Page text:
Reports that sacks of undelivered second- and third-class mail have been found in carriers' car trunks or under porches added to the post office's woes, and may propel a raft of alternate delivery services springing up to steal its business.
"We've seen delays in delivery, and the delays have been increasing since this past September," said John Popowski, marketing manager at Plow & Hearth, an Orange, Va.-based cataloger. He said delays in catalog delivery mean mailings arrive too close together, reducing response rates and potentially irritating customers.
The company, which has experienced similar problems in the Boston and New York areas, says it's become tougher to properly staff telemarketing departments.
But other major mailers say problems are no worse in Chicago than elsewhere.
Indeed, delivery there is "better than it's ever been," said a spokesman for Advo, the Windsor, Conn.-based mailer of co-op advertising inserts. "Our clients haven't been complaining, even finicky ones."
"We really don't know of new problems," said Rich Simpson, director of public affairs for Domi-nick's Finer Foods, a Chicago supermarket chain that sends weekly mailings through Advo.
But he acknowledged that tracking mail problems isn't easy for local retailers. "We would have no way of knowing. The level at which we have people call and say they have not received our circular has remained steady."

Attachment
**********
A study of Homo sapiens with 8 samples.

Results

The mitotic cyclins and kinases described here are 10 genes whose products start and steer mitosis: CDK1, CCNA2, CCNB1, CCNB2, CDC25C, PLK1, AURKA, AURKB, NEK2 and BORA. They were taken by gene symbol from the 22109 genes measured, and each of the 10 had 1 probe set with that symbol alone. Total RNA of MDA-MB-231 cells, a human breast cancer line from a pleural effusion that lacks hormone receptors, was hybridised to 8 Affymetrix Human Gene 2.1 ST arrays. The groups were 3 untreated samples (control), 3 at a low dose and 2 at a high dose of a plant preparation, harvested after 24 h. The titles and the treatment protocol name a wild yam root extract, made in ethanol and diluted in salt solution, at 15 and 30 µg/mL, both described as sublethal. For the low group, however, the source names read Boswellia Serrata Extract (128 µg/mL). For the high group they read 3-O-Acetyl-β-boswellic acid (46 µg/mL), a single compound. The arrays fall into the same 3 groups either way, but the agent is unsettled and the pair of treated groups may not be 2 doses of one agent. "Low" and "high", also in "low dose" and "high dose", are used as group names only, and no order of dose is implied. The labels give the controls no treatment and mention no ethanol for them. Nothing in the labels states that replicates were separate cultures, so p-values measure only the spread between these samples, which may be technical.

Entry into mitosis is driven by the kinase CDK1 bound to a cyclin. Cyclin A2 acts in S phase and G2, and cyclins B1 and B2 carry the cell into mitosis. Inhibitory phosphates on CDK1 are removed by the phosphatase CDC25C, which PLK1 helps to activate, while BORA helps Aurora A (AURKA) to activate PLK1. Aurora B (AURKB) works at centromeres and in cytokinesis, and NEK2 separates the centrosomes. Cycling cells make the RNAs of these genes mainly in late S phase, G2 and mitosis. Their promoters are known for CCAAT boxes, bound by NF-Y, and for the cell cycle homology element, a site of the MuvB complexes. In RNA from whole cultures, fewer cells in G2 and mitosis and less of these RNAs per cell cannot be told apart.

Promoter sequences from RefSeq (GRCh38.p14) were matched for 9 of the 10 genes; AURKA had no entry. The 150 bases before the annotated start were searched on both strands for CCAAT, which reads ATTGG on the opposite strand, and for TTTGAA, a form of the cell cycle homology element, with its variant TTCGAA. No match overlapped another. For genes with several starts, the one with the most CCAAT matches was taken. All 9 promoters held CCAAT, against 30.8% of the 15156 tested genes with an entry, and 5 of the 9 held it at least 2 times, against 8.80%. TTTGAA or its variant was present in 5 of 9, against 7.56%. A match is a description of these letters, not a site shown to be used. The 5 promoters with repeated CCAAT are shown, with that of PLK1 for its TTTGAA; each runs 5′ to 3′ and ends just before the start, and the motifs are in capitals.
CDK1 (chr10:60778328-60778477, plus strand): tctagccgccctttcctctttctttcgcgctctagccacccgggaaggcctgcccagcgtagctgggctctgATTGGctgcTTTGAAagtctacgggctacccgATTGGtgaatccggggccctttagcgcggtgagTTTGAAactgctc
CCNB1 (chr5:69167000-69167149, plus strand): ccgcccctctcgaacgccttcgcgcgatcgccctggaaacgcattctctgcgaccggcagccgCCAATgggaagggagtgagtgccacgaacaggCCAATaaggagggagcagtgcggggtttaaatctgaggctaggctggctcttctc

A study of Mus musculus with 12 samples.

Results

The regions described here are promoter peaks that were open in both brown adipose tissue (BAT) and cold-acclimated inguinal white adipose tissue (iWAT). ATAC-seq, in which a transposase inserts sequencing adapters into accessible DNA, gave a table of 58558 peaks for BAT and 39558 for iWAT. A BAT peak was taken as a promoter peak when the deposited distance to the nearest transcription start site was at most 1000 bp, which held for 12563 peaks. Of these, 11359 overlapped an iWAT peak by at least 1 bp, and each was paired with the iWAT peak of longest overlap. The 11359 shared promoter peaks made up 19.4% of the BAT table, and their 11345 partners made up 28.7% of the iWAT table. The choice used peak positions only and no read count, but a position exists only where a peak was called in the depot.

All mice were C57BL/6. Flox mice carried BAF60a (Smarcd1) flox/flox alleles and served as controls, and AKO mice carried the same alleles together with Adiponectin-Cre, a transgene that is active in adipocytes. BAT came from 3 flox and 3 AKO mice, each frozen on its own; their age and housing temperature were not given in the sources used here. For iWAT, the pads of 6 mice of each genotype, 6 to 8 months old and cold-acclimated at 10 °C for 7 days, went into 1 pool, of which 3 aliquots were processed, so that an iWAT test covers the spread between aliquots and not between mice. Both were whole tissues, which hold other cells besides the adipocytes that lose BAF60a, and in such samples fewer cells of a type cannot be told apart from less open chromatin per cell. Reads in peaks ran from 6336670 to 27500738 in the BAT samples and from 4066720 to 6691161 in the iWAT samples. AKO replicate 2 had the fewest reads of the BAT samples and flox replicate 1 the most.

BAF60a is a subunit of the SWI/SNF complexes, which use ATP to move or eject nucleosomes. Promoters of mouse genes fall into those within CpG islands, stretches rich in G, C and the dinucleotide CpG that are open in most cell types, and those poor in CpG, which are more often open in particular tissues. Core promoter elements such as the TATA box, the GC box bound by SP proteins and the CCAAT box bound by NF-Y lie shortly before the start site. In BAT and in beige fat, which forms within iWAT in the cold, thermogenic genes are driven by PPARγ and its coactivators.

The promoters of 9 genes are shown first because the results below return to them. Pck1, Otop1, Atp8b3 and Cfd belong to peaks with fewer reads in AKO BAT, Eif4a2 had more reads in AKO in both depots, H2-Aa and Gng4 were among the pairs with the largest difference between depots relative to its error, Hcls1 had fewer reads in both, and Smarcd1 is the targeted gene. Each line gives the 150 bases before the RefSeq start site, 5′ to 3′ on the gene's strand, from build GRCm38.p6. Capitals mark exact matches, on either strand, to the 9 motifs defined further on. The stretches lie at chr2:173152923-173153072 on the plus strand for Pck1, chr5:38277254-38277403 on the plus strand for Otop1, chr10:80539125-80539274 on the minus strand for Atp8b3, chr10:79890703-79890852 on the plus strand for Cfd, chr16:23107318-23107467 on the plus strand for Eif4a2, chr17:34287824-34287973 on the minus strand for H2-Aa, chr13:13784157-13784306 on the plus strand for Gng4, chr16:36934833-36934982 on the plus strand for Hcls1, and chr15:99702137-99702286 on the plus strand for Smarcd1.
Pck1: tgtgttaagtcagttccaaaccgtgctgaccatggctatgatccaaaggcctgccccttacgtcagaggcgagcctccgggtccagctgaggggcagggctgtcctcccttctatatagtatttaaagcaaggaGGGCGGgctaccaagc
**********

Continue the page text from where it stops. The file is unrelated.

Montgomery Ward & Co. also reported no mix-ups. But others say they have been affected in Chicago and elsewhere.
On the receiving end of the mailbox, DDB Needham Worldwide's Chicago office saw firsthand the impact of mail delivery problems. The agency recently received a memo advising it to expect 2,000 pounds of 2- to 3-week-old mail. The postal service blamed DDB Needham's couriers, who pick up mail from the post office, but the agency said it's never had problems in four years of using the couriers.
For the past year or so, the agency has daily received a boxload of misdirected mail intended for other businesses, including rival agencies Leo Burnett Co. and D'Arcy Masius Benton & Bowles.
"These are our major competitors in the city and we're sitting here with their mail!" an agency spokeswoman said. "And where is ours?"
The postal service vows to improve delivery. But if not, the long-term implications aren't yet known.
A 22-member postal service task force has been formed, led by two operational specialists from Washington, to deal with Chicago's mail delivery problem.
Postmaster General Marvin Runyon has called the Chicago situation "inexcusable."
"It hasn't been an issue long enough," said Ann Zeller, a VP at the Direct Marketing Association. "Many mailers make plans months in advance. We haven't had a flood of calls from people planning to set up alternate delivery" systems.
But the DMA planned to audit comparative delivery rates by the postal service and alternate carriers in suburban Antioch, Ill.M
Contributing to this story: Jeanne Whalen, Ira Teinowitz and Christy Fisher.